Chester Himes was an important writer of fiction and autobiography. Although Himes’s most widely read novels were detective stories set in Harlem, his first two published novels reflected his experiences in Los Angeles, where he lived from 1940 until 1944.
Himes was born in Jefferson City, Missouri on July 29, 1909 to Joseph Sandy Himes, a college industrial trades professor at Lincoln Institute (now Lincoln University), and Estelle Bomar Himes, who was a teacher at Scotia Seminary prior to marriage. Himes spent most of his childhood in Jefferson City and in Pine Bluff, Arkansas, where his father took a job teaching in the Arkansas Delta at Branch Normal College (now the University of Arkansas at Pine Bluff) when Himes was 12.
The family later moved to Cleveland, Ohio where Himes attended and graduated from East High School. He later enrolled in Ohio State University where he became a member of Alpha Phi Alpha Fraternity but later was expelled for playing a prank. After a 1928 robbery Himes spent seven and one-half years in prison at the Ohio Penitentiary. While in prison, he wrote and published his first literary works in newspapers and magazines. His first major piece, “To What Red Hell,” appeared in Esquire Magazine in 1934.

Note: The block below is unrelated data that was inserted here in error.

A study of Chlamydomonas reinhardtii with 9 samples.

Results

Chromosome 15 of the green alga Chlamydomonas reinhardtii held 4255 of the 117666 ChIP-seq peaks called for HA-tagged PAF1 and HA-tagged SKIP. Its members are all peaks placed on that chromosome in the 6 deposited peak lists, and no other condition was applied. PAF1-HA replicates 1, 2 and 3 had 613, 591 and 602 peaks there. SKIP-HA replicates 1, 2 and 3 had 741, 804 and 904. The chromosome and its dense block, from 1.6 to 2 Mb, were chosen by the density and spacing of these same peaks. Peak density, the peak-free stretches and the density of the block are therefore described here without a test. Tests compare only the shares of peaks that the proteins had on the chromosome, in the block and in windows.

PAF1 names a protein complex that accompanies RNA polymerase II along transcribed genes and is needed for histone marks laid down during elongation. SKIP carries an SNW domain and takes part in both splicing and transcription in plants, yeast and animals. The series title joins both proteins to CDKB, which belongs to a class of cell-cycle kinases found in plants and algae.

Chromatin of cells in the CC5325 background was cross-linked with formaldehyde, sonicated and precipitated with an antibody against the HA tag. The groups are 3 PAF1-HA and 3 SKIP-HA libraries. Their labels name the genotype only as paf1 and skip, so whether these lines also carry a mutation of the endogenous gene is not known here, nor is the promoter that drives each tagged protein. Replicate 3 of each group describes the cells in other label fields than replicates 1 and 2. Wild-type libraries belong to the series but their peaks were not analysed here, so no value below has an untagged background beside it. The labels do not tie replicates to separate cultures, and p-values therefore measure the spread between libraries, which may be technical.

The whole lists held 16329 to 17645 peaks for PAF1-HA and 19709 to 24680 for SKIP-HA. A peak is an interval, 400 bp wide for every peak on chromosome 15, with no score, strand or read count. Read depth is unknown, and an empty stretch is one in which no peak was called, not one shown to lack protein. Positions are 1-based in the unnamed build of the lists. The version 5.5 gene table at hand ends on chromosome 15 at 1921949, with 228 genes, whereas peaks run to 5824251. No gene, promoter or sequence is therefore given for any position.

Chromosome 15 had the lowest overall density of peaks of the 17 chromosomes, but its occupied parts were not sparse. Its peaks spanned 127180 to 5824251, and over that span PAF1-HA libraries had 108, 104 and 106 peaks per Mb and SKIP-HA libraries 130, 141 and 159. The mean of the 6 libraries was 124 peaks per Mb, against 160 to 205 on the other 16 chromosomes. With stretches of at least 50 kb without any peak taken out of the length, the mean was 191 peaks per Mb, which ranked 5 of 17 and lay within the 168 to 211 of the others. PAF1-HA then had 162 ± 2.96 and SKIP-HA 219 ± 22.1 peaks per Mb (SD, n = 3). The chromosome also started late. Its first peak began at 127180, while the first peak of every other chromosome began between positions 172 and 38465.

In 1936, Himes was released from prison and one year later married Jean Johnson. Frustrated by employment discrimination in Ohio, Himes moved to Los Angeles, where he worked as a screen writer until studio executive Jack L. Warner fired him. As the United States mobilized for World War II, Himes saw first hand the large scale migration of African Americans to his city to work in defense industries and decided to write about the changes the migration brought to the black community and the city.
Himes described those experiences in Los Angeles in his first two published novels, If He Hollers Let Him Go (1945) and Lonely Crusade (1947). These novels challenged the depiction of Los Angeles as a city in which African Americans faced little discrimination. He also provided an analysis of the Zoot Suit Riots for The Crisis, the magazine of the NAACP.
Himes separated from his wife Jean in 1952 and migrated to Paris where he met and worked with other expatriate writers, including Richard Wright, James Baldwin, and William Gardner Smith. Himes met his second wife, Englishwoman Lesley Packard. When he suffered a stroke in 1959, she gave up her career as a journalist to nurse him back to health. The couple eventually married in 1978.
Although his 1940s novels catapulted him to fame, Chester Himes is probably best remembered for a series of detective novels published between 1957 and 1969 that featured two Harlem detectives, Coffin Ed Johnson and Gravedigger Jones. The most important of these novels, A Rage in Harlem (originally published as For the Love of Imabelle) in 1957 and Cotton Comes to Harlem in 1964 were made into movies in 1970 and 1991. A third film, Come Back, Charleston Blue based on his 1966 novel, The Heat’s On, was released in 1972.
Himes continued to live in Paris and southern France until he and his wife moved to Moraira, Spain in 1969. He died there on November 12, 1984 at the age of 75.